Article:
Project: Vogue 2461 (1990), Calvin Klein anorak, part 5

Readers,

The anorak is done, and it’s time to look it over.

Done at last!

Done at last!

First things first: the fit. The sleeves are the right length (I got help shortening and slimming them down), and the hood is the right size. And I like having some waist definition rather than the boxy look of many outdoor jackets.

But this is way too big for me above the waist in the front and especially in the back.  I could loosen the drawstring a little to reduce the difference between the roomy upper and more defined lower areas, but I wouldn’t be able to reach the bottoms of the pockets.

I think I could wear a backpack underneath this anorak.

I think I could wear a backpack underneath this anorak.

I tried pinching out and pinning 3 inches of fullness, and you can see the difference. I might want even more fullness taken out. If I make this pattern again, I’ll consult a fitting expert about how much fullness to remove and still have a measure of roominess.

Here's the back with a conservative 3 inches pinned out.

Here’s the back with a conservative 3 inches pinned out.

Now, about the pockets. I glanced at the photograph on the pattern envelope and noticed for the first time how the model was displacing the flap to slide her hand into the pocket. Then I realized how I’d misunderstood the whole pocket construction. The original flap provides closure, as it should. I misinterpreted the instructions to mean that the flap wrapped around and reinforced the pocket opening.  My pockets stand wide open. Maybe I can stitch Velcro strips to the pocket and front to close them.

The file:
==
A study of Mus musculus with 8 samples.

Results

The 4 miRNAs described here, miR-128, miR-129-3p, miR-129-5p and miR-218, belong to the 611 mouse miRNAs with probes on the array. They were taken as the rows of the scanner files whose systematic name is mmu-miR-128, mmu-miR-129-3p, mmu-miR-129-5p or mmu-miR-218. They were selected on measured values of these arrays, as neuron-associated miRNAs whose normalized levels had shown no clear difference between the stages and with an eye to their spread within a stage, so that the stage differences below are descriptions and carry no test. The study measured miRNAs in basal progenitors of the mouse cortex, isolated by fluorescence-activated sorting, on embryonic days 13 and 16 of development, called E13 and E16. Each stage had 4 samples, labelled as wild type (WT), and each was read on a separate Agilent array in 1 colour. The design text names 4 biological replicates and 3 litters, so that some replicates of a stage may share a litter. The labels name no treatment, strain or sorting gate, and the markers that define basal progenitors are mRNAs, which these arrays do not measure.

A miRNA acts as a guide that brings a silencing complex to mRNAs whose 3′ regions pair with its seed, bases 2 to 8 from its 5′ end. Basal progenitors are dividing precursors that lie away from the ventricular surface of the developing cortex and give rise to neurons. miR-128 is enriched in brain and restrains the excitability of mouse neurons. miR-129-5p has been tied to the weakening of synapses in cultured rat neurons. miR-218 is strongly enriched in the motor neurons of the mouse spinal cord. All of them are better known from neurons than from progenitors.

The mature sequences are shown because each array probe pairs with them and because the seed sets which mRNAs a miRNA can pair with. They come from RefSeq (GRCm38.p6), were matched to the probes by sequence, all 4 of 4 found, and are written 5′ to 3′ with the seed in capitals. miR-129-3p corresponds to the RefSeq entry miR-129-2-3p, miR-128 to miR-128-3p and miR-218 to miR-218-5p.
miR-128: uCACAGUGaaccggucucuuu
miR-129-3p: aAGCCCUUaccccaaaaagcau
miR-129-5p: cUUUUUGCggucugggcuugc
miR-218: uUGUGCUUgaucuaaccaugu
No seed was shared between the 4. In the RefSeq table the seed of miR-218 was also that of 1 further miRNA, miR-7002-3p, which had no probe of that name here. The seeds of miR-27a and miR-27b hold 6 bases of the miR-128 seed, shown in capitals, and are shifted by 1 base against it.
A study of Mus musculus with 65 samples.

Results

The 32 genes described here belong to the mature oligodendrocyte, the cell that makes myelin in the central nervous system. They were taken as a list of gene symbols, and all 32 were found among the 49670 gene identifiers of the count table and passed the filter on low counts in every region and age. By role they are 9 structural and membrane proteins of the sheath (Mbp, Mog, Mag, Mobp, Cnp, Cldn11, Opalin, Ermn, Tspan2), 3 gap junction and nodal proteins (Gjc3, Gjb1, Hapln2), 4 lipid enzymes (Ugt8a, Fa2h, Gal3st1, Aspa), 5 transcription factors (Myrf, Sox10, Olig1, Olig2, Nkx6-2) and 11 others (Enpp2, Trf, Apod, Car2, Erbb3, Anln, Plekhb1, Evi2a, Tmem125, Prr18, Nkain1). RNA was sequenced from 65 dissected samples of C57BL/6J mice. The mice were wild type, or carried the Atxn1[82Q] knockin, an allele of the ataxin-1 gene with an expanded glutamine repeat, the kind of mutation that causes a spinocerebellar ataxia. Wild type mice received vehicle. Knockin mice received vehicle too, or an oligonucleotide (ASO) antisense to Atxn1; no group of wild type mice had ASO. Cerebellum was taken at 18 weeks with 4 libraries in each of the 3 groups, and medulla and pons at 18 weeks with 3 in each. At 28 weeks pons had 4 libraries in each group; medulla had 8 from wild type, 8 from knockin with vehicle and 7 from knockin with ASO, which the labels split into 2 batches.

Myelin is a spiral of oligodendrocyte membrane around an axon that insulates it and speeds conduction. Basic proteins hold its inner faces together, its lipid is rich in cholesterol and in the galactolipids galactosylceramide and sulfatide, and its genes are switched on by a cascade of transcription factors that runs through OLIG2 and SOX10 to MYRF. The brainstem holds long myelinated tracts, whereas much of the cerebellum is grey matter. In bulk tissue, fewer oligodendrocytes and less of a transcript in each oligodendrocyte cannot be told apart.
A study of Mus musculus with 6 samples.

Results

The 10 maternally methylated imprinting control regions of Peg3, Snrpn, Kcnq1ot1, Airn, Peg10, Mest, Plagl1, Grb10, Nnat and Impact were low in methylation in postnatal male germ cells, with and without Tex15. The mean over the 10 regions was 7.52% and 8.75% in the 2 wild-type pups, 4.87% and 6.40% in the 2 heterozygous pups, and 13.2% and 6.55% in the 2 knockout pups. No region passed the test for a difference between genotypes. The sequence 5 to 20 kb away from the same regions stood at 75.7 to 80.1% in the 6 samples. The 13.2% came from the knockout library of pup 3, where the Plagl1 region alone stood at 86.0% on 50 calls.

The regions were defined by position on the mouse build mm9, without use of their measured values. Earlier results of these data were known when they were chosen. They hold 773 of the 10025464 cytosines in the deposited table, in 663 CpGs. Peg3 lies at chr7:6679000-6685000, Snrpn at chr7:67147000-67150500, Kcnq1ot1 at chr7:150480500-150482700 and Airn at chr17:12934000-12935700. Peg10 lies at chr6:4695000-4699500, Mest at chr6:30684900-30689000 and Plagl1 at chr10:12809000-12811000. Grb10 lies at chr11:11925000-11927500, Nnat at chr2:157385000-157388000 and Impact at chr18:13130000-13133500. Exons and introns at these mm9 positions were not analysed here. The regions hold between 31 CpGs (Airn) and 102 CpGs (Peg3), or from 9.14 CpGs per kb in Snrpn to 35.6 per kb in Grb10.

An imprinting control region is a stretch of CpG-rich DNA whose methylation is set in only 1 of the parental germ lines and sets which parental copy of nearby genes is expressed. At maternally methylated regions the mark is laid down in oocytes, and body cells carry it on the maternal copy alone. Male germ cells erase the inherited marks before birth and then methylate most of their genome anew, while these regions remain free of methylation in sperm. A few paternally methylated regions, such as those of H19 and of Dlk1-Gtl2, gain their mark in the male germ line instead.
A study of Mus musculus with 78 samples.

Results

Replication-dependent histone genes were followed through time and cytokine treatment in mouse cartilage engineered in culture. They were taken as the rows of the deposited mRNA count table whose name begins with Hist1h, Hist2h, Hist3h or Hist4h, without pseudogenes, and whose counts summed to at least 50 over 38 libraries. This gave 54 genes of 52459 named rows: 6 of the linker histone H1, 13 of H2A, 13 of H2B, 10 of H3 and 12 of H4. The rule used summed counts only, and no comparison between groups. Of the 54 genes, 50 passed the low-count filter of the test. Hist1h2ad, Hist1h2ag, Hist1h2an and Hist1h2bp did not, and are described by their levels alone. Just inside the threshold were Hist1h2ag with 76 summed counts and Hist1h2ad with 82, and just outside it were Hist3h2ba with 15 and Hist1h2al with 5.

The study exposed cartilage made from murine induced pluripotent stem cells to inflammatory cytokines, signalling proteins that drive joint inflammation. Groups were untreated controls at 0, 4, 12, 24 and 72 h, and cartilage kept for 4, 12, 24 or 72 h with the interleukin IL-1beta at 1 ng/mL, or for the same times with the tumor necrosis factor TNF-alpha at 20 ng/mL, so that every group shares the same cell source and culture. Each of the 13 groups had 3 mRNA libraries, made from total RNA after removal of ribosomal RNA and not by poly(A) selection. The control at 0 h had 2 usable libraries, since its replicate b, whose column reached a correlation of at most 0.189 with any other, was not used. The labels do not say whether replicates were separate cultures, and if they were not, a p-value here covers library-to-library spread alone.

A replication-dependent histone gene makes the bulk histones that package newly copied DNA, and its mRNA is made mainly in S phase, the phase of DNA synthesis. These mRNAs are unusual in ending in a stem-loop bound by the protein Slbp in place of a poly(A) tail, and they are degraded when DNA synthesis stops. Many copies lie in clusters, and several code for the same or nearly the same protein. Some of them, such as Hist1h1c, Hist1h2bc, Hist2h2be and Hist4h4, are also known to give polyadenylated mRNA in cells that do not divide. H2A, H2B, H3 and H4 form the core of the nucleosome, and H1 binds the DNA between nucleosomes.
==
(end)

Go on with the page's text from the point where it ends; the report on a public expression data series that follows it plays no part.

This anorak flap is probably an outerwear convention, not an innovation of Calvin Klein’s. I suppose now I’ll be standing in a checkout line or in the security line at the airport and noticing hundreds of such flaps and pockets.  Lesson learned.

The photo on the pattern envelope shows the flap covering the pocket opening. Aha!

The photo on the pattern envelope shows the flap covering the pocket opening. Aha!

I’m not happy with the stark white nylon cord and will look for a replacement in a color. The toggles I recycled from my old windbreaker.

I got a lot of experience by sewing this pattern:

  • Making flat fell seams using both a flat fell foot and a standard presser foot. I used David Page Coffin’s instructions from his book Shirtmaking and video Shirtmaking Techniques and succeeded right away.
  • Working with a stretch woven. I didn’t need the spandex for this project, and it interfered with getting a good crease, but it does resist wrinkling.

    I used the flaps to wrap around the pocket edges. Not smart!

    I used the flaps to encase the pocket edges. Not smart!

  • Looking for a 36-inch separating zipper, which I finally mail-ordered from Sew True, and then sewing it in with success.
  • Learning the difference between eyelets and grommets (eyelets are one piece; grommets are two); then opting for buttonholes for the drawstring openings.
  • Making a garment with casings, and using a bodkin to thread the cord through.
  • Seeing the point of an inset in a sleeve instead of a sleeve placket–to keep the rain out. But insets are more work to cut, assemble, insert and sew.
  • My first hood.

As I mentioned in my previous post, almost every step of this project took longer than I expected: finding the zipper, altering the pattern, sewing the pockets and the cuffs, and doing a mile of topstitching.

But now that I’ve tackled this anorak, I think I can handle another outdoorsy jacket.

Just not right now.

For traveling incognito I have my hood.

For traveling incognito I have my hood.